In particular, it claims:

No tests, for example, are required to show that the plant actually produces a protein with the same amino acid sequence as the original bacterial protein.

Is this true? From what I know, the science in the article is sound, but I was unsure if this claim was true or not. If it isn't, have any of these tests been done on GMO crops independently, or after release?

  • I would like to add a little more context to the quote (what plant? what bacterial protein?) but I couldn't understand the context from the original paper on a quick skim. – Oddthinking Jun 1 '14 at 15:13

They do check the sequence of the inserted gene:

Syngenta and BCS characterized the insert in SYHT0H2 soybean using nucleotide sequencing and Southern blot analysis of restriction enzyme digested genomic DNA.

They also check if the inserted gene leads to any genetic instability:

Syngenta and BCS determined the genomic stability and inheritance pattern of the inserted DNA. Genomic stability was demonstrated using Southern blot analysis of genomic DNA, which showed consistent hybridization patterns over three generations.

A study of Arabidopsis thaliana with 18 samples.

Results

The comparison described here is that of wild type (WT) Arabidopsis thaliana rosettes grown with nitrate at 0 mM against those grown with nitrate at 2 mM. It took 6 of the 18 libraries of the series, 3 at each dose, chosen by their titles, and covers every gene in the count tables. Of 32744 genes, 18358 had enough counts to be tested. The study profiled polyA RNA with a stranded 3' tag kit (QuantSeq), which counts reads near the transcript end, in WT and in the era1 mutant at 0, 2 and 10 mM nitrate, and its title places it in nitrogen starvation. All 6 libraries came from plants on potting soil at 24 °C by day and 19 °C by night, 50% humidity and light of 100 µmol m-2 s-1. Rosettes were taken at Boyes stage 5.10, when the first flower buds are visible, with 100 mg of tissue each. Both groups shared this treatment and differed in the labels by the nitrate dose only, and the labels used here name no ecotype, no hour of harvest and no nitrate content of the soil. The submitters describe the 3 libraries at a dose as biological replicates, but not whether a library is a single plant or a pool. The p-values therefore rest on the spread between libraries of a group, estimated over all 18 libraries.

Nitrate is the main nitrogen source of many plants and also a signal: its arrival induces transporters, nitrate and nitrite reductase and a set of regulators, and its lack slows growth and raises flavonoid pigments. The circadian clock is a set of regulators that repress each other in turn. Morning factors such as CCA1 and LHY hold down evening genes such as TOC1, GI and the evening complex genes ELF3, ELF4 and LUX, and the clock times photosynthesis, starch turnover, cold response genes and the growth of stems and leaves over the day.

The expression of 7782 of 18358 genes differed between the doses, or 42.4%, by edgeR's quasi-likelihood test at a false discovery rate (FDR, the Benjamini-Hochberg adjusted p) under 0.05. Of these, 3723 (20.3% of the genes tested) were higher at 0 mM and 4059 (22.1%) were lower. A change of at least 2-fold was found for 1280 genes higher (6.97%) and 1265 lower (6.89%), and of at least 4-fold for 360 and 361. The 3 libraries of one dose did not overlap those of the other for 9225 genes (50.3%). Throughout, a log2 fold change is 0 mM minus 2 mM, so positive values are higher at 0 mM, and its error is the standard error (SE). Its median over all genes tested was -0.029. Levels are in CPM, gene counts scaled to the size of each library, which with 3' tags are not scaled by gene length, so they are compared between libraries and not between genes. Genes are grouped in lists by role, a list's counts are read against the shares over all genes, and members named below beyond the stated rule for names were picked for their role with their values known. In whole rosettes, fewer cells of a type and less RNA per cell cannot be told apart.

And they check if the inserted gene disrupts any other host genes:

To determine the site of genome insertion, the developers first sequenced the genomic regions flanking the insert in SYHT0H2 soybean and then used the results to sequence the corresponding region in the untransformed variety “Jack.” They searched publicly available databases for known coding sequences similar to the flanking sequences. Syngenta and BCS conclude that the insertion does not disrupt known soybean genes.

On the protein level they do check how much of the protein is produced:

Syngenta and BCS conducted field studies to measure expression levels of AvHPPD-03 and PAT in SYHT0H2 soybean. Tissue samples were collected from SYHT0H2 soybean and control soybean grown at four locations in Argentina during the 2011-2012 growing season. The developers measured levels of the introduced proteins by enzyme linked immunosorbent assay (ELISA) in leaves, roots, forage, and seed samples collected at multiple growth stages.

They did not sequence the produced protein as far as I can see, which would be the most direct answer to your question. But they did sequence the gene that was inserted, and they measured that the protein was produce by ELISA. This assay works by using antibodies that specifically recognize the target protein, together these data points strongly indicate that the desired protein is produced with the correct sequence.